Ask an Expert: How The Conversation Is Changing Around Sleep


The importance of getting sufficient quality and quantity sleep has been known for quite some time, but it’s only recently that the concept of sleep health has been introduced as an important factor for overall health and disease prevention. To better understand the concept of sleep health and how the conversation around sleep is evolving, we interviewed epidemiologist Raymond Noordam, PhD, who is an Assistant Professor at the Department of Internal Medicine, Section of Gerontology and Geriatrics at the Leiden University Medical Center.

Q: Has the conversation around sleep changed over the last several years? What influenced this change?

A: The conversation has definitely changed. If you look at the different lifestyles that are important in health and disease – such as smoking and alcohol intake – it’s only recently that sleep has also increasingly been considered a risk factor for developing disease. We now have increased amounts of data available from large epidemiological studies, as well as the tools available to determine whether a relationship is causal or not. Furthermore, sleep is now also increasingly measured with all kinds of commercially-available eHealth tools.

Increasingly, we now consider this concept known as sleep health – rather than only sleep disorders such as severe insomnia, and narcolepsy. For example, in people that we usually consider “normal” in terms of their habitual sleep, we can already see strong relationships with several disease outcomes – which were also found to be causal. This already means that subtle changes in sleep behavior can impact health and disease development on the long term.

Q: The theme for World Sleep Day 2023 is “Sleep is essential for health”. Why do you feel this is important, and what are some steps that need to be taken for progress to be made?

A: Epidemiological studies already show that there are links between different aspects of sleep and different health and disease outcomes. However, it’s important to stress that sleep has a strong, multidimensional nature; for this reason, it’s still unclear what we can exactly define as “healthy sleep”. So in the next years, we should pay attention to creating a certain individualized reference range on what we can define as healthy, and what as unhealthy – especially concerning the development of disease. Next to that, we can investigate how we could intervene in these sleep disturbances to preserve health and prevent disease, and which other lifestyle factors have synergistic effects with sleep characteristics on health and disease development.

Q: Can nutrition play a role in supporting sleep health?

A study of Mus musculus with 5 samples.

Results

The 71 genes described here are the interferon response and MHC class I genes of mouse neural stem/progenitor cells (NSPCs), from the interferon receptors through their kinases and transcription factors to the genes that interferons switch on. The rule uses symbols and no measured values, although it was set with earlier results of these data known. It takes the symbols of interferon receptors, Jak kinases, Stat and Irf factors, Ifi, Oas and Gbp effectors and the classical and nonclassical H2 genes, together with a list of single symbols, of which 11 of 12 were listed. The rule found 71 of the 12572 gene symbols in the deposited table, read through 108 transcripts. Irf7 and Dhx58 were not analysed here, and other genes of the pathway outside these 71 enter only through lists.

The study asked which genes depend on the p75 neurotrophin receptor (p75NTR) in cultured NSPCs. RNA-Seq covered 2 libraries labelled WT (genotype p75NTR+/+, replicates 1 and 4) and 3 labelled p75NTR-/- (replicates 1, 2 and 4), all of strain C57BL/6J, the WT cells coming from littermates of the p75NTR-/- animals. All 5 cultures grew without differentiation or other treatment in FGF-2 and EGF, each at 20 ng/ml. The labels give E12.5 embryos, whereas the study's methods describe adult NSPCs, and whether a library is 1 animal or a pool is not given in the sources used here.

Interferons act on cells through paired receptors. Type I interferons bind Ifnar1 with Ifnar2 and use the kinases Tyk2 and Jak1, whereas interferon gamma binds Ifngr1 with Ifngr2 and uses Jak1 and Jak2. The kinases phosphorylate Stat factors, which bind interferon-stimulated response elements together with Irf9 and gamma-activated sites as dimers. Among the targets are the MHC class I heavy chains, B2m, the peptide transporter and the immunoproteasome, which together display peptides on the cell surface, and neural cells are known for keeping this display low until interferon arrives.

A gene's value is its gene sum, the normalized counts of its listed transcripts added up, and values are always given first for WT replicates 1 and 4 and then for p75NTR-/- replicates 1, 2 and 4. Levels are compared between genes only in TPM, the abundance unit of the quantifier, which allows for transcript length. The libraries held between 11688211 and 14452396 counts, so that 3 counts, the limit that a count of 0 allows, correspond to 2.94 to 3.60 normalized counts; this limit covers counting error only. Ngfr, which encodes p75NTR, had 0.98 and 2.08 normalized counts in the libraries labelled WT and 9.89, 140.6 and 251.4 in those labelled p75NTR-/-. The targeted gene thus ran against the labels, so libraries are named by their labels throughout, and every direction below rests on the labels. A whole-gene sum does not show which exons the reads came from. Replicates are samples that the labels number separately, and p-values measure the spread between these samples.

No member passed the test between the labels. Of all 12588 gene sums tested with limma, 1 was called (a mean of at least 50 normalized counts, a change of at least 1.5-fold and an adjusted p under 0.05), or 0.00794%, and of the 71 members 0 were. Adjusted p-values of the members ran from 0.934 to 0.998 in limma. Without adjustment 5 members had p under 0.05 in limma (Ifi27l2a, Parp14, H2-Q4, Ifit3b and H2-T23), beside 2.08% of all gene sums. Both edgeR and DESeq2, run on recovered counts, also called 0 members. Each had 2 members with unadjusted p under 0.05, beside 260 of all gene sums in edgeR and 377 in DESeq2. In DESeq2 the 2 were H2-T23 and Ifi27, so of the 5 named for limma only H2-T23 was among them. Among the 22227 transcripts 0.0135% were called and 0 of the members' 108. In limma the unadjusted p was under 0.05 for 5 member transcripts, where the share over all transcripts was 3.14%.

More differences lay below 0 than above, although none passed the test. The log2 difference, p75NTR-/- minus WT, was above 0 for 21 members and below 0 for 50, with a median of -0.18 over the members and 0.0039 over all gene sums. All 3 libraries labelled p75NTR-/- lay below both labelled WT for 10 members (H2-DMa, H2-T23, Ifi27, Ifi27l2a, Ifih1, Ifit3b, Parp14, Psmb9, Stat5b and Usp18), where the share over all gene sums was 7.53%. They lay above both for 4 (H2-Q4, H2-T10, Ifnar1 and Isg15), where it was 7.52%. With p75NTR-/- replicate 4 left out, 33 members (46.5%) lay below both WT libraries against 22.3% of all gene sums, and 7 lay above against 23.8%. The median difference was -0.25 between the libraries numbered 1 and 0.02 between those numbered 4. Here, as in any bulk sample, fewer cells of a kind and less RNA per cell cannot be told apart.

A: It seems that nutrition does play an important role in sleep health, but also the other way around – meaning that sleep can also influence our food intake. For example, previous epidemiological studies have shown that sleep deprivation can cause the individual to have an increased preference for food cravings possibly because of hormonal changes (for example ghrelin and leptin – hunger hormones) caused by sleep deprivation. As we know that nutrition can also have a positive impact on sleep, I think – and truly believe – there should be more emphasis on natural solutions for sleep problems.

Q: So in what ways can people improve their sleep health? What is important to focus on?

A: There are several recommendations to both improve your sleep and the quality of getting into sleep. An easy point is to prevent the use of digital devices just before going to bed; the blue light will inhibit the production of melatonin (an important hormone for sleep). Some foods are also associated with sleep quality; for example, a high amount of alcohol will decrease sleep, and coffee will have an influence as well. We are also currently exploring a study on the timing of physical activity that will influence sleep (this study is part of the NWA-funded Bioclock consortium).

What is important to also realise is that as human beings, we developed (evolved) in a time without electricity and light – so our lives are programmed according to a clear day/night cycle (circadian rhythm). Now these days, with factors like people working night shifts, having lights on in our home, and nightclub culture, we are changing our biology by living against our biological background.

Q: What emerging science will contribute to a better understanding of sleep health? What are ways that the community can help move sleep health research forward?

A: Sleep is increasingly studied as a multidimensional construct of multiple aspects of sleep. In addition, the availability of sleep data in large study samples is great to explore whether specific relationships are causal or not, and which biological disease mechanisms are modified by a disturbed sleep. This has led to some great recent developments in this field of research. How the community can help? Participate in research. There are many initiatives by universities and research institutes to improve sleep health. But we, as researchers, need your participation to help move the research forward!